The Philadelphia bus map shows all the stations and lines of the Philadelphia bus system. This bus map of Philadelphia will allow you to easily plan your routes in the buses of Philadelphia in Pennsylvania - USA. The Philadelphia bus system map is downloadable in PDF, printable and free.
SEPTA lists 117 bus routes throughout Southeastern Pennsylvania, with most routes being within Philadelphia. Some of SEPTA bus routes run 24 hours a day ("Night Owl" service), although most routes end by late night. SEPTA bus service consists of its City Division for routes within Philadelphia, Victory ("Red Arrow") Division for routes in Chester, Delaware, and Montgomery Counties, and its Frontier Division for buses to Montgomery and Bucks Counties. Other bus routes are its Regional Rail connector routes, the "Night Owl" bus service replacing the Market-Frankford and Broad Street subway lines during their closure, and other specialized services. SEPTA leases buses for third-party charter routes, and runs the charter buses for the School District of Philadelphia. The City Transit Division runs 76 bus routes, and the Suburban Division runs 44 bus routes as you can see in Philadelphia bus map. In 2009, SEPTA had a fleet of 1153 revenue buses for its City Transit Division, and 262 revenue buses for its Suburban Division.
New Jersey Transit operates the 313, 315, 317 and 551 buses from the Greyhound Bus Terminal, which service the New Jersey resort towns of Asbury Park, Atlantic City, and Cape May with intermediate stops throughout New Jersey as its mentioned in Philadelphia bus map. New Jersey Transit also operates two seasonal buses: the 316 express to Cape May and the 318 express to Six Flags Great Adventure. Stopping on Market Street one block away from the terminal, New Jersey Transit operates 12 shorter, suburban routes to Burlington, Camden, and Gloucester Counties.
The primary intercity bus station in Philadelphia is the Philadelphia Greyhound Terminal, located in close proximity to The Gallery at Market East as its shown in Philadelphia bus map. Greyhound Lines operates its intercity buses from the Philadelphia Greyhound Terminal, which was the second busiest Greyhound bus station in the United States in 2008. Greyhound Lines operates one-seat bus rides to a variety of destinations, including Washington, New York, Atlantic City, St. Louis, and Atlanta, and provides connecting service to other destinations via transfers. Other private companies which operate from the Greyhound Bus Terminal are Bieber Tourways, Capitol Trailways, Martz Trailways, Peter Pan Bus Lines, and Susquehanna Trailways. MegaBus and BoltBus, both discount bus lines, operate out of 30th Street Station. Chinatown buses, which travel between the Philadelphia Chinatown and Chinatowns in New York City and Washington, provide low-cost intercity bus service.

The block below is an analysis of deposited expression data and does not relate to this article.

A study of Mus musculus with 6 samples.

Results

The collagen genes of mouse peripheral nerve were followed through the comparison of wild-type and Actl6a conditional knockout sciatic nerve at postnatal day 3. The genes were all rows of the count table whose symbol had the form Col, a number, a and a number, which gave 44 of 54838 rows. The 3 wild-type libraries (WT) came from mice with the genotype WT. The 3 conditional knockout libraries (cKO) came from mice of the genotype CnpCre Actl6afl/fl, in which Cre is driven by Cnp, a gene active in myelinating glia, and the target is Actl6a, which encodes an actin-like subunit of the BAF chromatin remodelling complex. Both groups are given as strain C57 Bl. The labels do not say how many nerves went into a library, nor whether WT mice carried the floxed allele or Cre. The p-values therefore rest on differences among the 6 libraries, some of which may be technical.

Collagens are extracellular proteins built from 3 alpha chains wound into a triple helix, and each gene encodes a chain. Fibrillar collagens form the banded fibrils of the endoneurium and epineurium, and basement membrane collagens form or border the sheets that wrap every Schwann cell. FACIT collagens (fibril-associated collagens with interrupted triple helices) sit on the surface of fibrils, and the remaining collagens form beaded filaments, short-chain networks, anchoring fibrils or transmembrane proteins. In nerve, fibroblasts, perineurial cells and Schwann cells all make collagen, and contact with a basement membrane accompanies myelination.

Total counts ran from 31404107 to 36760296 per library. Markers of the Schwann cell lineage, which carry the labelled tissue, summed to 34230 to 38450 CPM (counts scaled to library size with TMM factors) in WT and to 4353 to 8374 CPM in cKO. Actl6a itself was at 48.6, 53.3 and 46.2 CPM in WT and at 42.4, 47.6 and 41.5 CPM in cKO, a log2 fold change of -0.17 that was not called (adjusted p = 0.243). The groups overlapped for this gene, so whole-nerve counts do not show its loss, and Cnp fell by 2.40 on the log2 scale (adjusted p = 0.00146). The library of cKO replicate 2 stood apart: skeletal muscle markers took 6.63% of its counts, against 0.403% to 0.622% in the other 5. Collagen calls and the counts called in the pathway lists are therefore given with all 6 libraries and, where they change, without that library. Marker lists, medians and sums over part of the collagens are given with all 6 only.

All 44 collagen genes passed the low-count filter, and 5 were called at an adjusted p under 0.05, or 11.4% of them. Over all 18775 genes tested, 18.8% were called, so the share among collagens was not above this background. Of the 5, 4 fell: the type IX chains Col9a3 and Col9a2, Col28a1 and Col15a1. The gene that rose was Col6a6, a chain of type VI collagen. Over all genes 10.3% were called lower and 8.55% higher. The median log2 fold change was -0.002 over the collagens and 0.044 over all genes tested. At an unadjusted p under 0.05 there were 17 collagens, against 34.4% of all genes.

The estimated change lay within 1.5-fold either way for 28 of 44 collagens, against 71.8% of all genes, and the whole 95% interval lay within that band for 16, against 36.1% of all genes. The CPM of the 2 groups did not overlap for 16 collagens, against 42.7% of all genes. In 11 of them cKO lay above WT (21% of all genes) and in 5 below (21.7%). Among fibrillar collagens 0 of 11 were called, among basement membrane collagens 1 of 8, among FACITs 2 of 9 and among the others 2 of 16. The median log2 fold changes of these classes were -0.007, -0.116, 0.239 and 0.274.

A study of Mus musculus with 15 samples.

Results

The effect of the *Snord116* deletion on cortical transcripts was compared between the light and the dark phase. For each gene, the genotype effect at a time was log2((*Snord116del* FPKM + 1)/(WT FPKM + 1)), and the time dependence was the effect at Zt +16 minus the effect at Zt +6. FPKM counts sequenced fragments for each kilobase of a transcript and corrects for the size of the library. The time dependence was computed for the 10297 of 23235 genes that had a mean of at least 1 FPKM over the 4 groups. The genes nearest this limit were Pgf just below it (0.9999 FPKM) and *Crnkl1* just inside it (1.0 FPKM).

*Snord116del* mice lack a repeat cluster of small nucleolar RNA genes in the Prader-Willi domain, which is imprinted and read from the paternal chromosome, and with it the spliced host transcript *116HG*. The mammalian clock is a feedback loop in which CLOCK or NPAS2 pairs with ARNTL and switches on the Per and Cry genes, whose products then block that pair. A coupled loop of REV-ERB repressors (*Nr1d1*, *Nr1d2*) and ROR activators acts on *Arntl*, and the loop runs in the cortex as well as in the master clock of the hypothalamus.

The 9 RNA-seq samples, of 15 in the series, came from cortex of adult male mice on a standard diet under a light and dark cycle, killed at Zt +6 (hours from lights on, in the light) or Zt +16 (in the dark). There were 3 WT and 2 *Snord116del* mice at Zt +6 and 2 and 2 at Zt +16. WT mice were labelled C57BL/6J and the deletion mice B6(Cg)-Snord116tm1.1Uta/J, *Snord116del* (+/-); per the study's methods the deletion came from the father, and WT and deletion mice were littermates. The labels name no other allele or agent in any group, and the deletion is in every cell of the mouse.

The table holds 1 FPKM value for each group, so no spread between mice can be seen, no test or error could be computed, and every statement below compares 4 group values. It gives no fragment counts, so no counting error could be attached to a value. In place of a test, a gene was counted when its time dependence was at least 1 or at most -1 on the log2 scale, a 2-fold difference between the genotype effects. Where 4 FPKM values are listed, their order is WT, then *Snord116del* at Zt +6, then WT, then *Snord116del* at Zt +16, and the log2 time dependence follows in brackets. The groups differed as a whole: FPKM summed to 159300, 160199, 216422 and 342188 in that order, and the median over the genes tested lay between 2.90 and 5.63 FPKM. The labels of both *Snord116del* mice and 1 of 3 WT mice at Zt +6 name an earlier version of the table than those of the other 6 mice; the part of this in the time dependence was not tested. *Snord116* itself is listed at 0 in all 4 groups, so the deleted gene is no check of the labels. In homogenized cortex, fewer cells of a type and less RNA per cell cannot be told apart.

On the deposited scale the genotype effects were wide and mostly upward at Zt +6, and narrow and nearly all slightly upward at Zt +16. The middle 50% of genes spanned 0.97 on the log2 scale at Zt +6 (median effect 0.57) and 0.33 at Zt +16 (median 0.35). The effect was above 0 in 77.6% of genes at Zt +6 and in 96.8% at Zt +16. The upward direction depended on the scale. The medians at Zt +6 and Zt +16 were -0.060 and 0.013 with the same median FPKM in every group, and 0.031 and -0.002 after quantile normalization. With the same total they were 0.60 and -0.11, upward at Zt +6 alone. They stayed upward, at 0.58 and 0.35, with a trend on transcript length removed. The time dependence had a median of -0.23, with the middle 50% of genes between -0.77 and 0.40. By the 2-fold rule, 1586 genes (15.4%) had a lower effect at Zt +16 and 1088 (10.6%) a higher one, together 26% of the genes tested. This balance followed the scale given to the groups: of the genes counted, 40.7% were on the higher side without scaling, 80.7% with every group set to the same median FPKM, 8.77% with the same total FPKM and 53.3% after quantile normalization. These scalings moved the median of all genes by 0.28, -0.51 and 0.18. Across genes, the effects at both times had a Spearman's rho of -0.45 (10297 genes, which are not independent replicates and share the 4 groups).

The Philadelphia trolley map shows all the stations and lines of the Philadelphia trolleybus system. This trolley map of Philadelphia will allow you to easily plan your routes in the trolleys of Philadelphia in Pennsylvania - USA. The Philadelphia trolley system map is downloadable in PDF, printable and free.
SEPTA currently operates trackless trolleys on Routes 59, 66, and 75 as you can see in Philadelphia trolley map. Routes 59 and 75 are connected to the Market-Frankford Line at Margaret-Orthodox Station, near the terminus of the Market-Frankford Line. Route 59 travels primarily along Castor Avenue through Northeast Philadelphia, and terminates at the end of Castor Avenue, near Pennypack Park. Route 75 travels along Wyoming Avenue, and connects to Wyoming Station of the Broad Street Line, ending at Wayne Junction in Nicetown. Route 66 connects to the Market-Frankford Line at the Frankford Transportation Center, and extends along Frankford Avenue to the extremity of Northeast Philadelphia.
Think of the trolly as the same as riding the bus. The SEPTA transportation system also features trolley cars, which run on tracks in certain neighborhoods. As far as fares go, they operate the same as buses, although some run underground for several stops in center city Philadelphia. SEPTA formerly ran trackless trolleys along Routes 29 and 79 in South Philadelphia as its shown in Philadelphia trolley map, but replaced those services with diesel buses in 2003. In October 2006, the SEPTA board voted not to order additional vehicles for Routes 29 and 79, making them permanent diesel bus routes.
Easy to use, the SEPTA Key fare program makes taking public transportation less complicated as its mentioned in Philadelphia trolley map. The Key fare program is a reloadable chip card for travel on most of Philadelphia transit options: (buses, trolleys, subways, the Norristown High Speed Line), and Regional Rail. Customers can purchase a key card and load a weekly or monthly pass. There are several options, depending on your transportation needs. These include: TransPass; One Day Convenience Pass; and Independence Pass.